How to create a simple website in ASP.NET MVC
Part three of a seven-part series of blogs

This blog explains the steps you'll need to follow to create a simple one page website in ASP.NET MVC. The aim of the blog is not to act as a tutorial, but to help people choose between ASP.NET MVC and classic ASP.NET.

  1. An overview of creating a website in ASP.NET MVC
  2. Creating an ASP.NET MVC website
  3. Creating an entity model in MVC (this blog)
  4. Creating a view model
  5. Ensuring MVC shows the right page - router and controller
  6. Creating our view
  7. Conclusion

Posted by Andy Brown on 16 June 2014


There are three ways to access data using MVC, depending on whether you start with your code, your database or a pretty diagram of your data model.  They are called:

Method Notes
Code first You create your classes (including their properties and methods), and ASP.NET generates a SQL Server database from this code.  All very clever!
Model first You create your model of how you want your database to look, and from this ASP.NET generates the database.
Database first This is the approach we'll be taking - start with your SQL Server table, and from this generate a model and the code required.

Here's how to generate an entity model.  First, choose to add one:

Adding a model

Right-click on the Models folder in Solution Explorer, and choose to add a model.

Choose to create a new item:

Adding a new item

Choose this option.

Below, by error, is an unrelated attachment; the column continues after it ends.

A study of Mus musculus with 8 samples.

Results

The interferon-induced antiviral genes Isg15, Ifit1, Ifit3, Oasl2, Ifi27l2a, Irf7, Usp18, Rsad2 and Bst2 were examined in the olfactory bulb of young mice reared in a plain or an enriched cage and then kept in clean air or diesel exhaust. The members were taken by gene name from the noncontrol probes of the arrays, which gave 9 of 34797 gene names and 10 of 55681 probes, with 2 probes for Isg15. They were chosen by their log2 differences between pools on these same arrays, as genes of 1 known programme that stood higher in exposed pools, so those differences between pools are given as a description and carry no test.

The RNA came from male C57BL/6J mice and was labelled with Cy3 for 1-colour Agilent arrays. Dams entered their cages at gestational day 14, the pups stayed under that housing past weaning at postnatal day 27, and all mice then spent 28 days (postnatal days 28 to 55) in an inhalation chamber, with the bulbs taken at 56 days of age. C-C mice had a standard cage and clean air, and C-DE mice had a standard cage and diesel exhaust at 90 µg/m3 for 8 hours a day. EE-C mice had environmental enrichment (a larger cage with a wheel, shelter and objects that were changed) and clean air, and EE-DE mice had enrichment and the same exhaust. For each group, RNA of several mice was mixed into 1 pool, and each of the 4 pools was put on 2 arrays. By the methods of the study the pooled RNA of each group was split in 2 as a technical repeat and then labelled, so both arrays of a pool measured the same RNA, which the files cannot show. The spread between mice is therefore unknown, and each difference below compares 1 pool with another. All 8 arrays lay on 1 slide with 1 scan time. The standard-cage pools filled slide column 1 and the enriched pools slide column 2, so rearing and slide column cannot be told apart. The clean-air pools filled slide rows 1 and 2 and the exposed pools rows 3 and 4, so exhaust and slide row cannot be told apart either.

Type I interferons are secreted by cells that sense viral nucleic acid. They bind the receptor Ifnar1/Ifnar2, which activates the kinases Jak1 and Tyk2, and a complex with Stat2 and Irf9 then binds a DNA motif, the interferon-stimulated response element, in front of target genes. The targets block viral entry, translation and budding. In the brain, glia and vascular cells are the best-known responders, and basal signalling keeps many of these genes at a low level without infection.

Find and create an ADO.NET entity data model:

Entity data model option

Choose to add an entity data model (you'll also need to specify a name for this).

Our model will be generated from an existing database:

Generate from database

Choose to generate the model from an existing database.


You'll now need to go through the usual rigmarole of creating a connection (not shown here):

Creating a connection

Choose to create a connection to your SQL Server database.

Having done this, go to the next stage of the wizard to generate the model (we've called our entity MoviesEntities):

The final wizard

Choose Next to continue the wizard.

Choose which tables you want to include in your model then choose to finish the wizard:

Choosing tables

Here we've gone for a single table - tblFilm - and have chosen not to play about with the table and column names.


The result is a model which represents the underlying table and its columns.

You can rename the table and its columns at this point without affecting the underlying database table and columns.

Save and close the model diagram window and you will see that Visual Studio has created class for you:

The classes created

My advice is not to bother looking at these classes. For one thing, they're quite complicated; but for another, .NET will recreate them whenever you regenerate your model.


We can now use this entity model to create a view model, as shown in the next step.